The Scottish town council purchased the bust for six dollars almost a century ago, before it disappeared in the mid-20th century then reappeared in 1998 in a shed in rural Scotland—at present, it could sell for millions.
For 25 years, the Inverness Museum & Art Gallery in Scotland has kept a bust of Sir John Gordon, an 18th-century Scottish landowner and political figure, in storage. In 1728, the renowned French artist Edmé Bouchardon created the sculpture for the young Gordon, as per CNN. Though the Highland Council suggested selling the bust back in 2014, a member of the Scottish Parliament rejected the proposal on the grounds that the sculpture was a community asset.
However, things may be changing now. The Council is once again considering the sale of the bust, as long as the buyer provides a museum-quality replica. The group will not be finalizing the decision until members of the small, coastal community of Invergordon, Scotland, have had their say. Gordon was not only a landowner, but also the founder of the small town of Invergordon, hence the sculpture’s significance to the locality.
An anonymous individual has already approached Sotheby’s with a $3 million (£2.5 million) offer to purchase the sculpture.Considering how the Scottish town council purchased the bust for a small six dollars (five British pounds), which is roughly $500 today, this price jump is certainly exponential. This matches the price of another Bouchardon bust, the “Marquis de Gouvernet,” which the Louvre purchased for $3.2 million (€3 million) in 2012.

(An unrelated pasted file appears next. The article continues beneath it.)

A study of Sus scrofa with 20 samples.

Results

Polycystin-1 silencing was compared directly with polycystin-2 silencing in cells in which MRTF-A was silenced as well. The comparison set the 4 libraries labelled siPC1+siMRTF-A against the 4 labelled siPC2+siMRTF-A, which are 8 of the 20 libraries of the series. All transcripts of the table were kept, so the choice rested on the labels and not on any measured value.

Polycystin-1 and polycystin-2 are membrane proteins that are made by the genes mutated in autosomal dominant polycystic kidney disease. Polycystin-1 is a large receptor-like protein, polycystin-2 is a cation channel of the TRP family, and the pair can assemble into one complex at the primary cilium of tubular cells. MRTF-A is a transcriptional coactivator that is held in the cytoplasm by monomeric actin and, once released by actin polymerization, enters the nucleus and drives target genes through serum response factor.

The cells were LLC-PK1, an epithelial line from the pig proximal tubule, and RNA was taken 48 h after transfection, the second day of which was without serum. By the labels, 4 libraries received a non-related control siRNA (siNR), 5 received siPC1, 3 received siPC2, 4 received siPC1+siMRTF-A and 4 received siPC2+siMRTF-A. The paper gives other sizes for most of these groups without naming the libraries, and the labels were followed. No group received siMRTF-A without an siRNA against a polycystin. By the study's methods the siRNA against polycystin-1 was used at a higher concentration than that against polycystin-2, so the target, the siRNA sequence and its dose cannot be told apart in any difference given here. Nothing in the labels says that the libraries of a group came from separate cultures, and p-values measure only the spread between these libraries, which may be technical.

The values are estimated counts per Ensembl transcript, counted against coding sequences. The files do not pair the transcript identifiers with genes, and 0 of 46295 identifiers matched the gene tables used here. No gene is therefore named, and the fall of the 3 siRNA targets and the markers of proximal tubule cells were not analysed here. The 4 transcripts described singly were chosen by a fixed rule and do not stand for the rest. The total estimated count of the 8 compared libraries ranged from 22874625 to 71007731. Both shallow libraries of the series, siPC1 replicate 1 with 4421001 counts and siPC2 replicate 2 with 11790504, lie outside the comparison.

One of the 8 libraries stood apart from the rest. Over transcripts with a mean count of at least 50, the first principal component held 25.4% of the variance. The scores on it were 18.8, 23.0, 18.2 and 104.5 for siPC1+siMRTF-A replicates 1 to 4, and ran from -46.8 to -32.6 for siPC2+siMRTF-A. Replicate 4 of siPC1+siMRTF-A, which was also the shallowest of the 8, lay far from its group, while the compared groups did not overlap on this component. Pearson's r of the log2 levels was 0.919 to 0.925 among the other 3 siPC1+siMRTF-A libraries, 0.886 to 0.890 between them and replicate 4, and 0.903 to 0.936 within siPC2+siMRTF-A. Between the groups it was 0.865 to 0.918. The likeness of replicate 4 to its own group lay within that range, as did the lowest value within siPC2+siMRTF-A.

A feature for Artnet News describes the bust of Sir John Gordon as a prime example of Bouchardon’s early works, while Sotheby’s refers to it as “brilliant in execution.” The French artist worked under King Louis XV, having created various sculptures for the king’s Palace of Versailles, as per Artnews. Many know Bouchardon as one of the first artists who shifted away from the Rococo movement, favoring Neoclassical styles instead.
Experts state that the bust was created in Rome while a young Gordon was embarking on his Grand Tour of Europe, as per Artnet News. CNN adds that such tours were a rite of passage for wealthy, aristocratic English men in the 18th and 19th centuries.
Lost and Found
After disappearing in the mid-20th century, a woman named Maxine Smith found the marble sculpture in a storage shed in 1998.
“I found the robes and chains and also a wee white marble sculpture thing holding open the door. It could have been binned quite easily,” she told The Guardian. At the time, Sotheby’s had valued the bust at £1.4 million, as per the Ross and Cromarty Heritage website.
Although the bust was lent to the Louvre Museum in Paris and the Getty Museum in Los Angeles for the major exhibition Bouchardon: Royal Artist of the Enlightenment, the sculpture has for the most part been in storage due to its high insurance costs and overall value.
Funds for the Community
Should Invergordon’s council and community decide to sell the bust, its proceeds will go to the Invergordon Common Good Fund, as per an official statement. The fund supports various projects that benefit the town’s citizens, according to Artnet News.
“The sale of the bust has the potential to recover a significant capital receipt for Invergordon Common Good Fund which would provide investment opportunities for income generation and rejuvenation of the Common Good fund,” the council’s statement elaborates.
Whether or not Invergordon decides to sell the bust, the decision will hopefully be one that benefits the sculpture’s community the most.
Banner photo from the Ross and Cromarty Heritage website.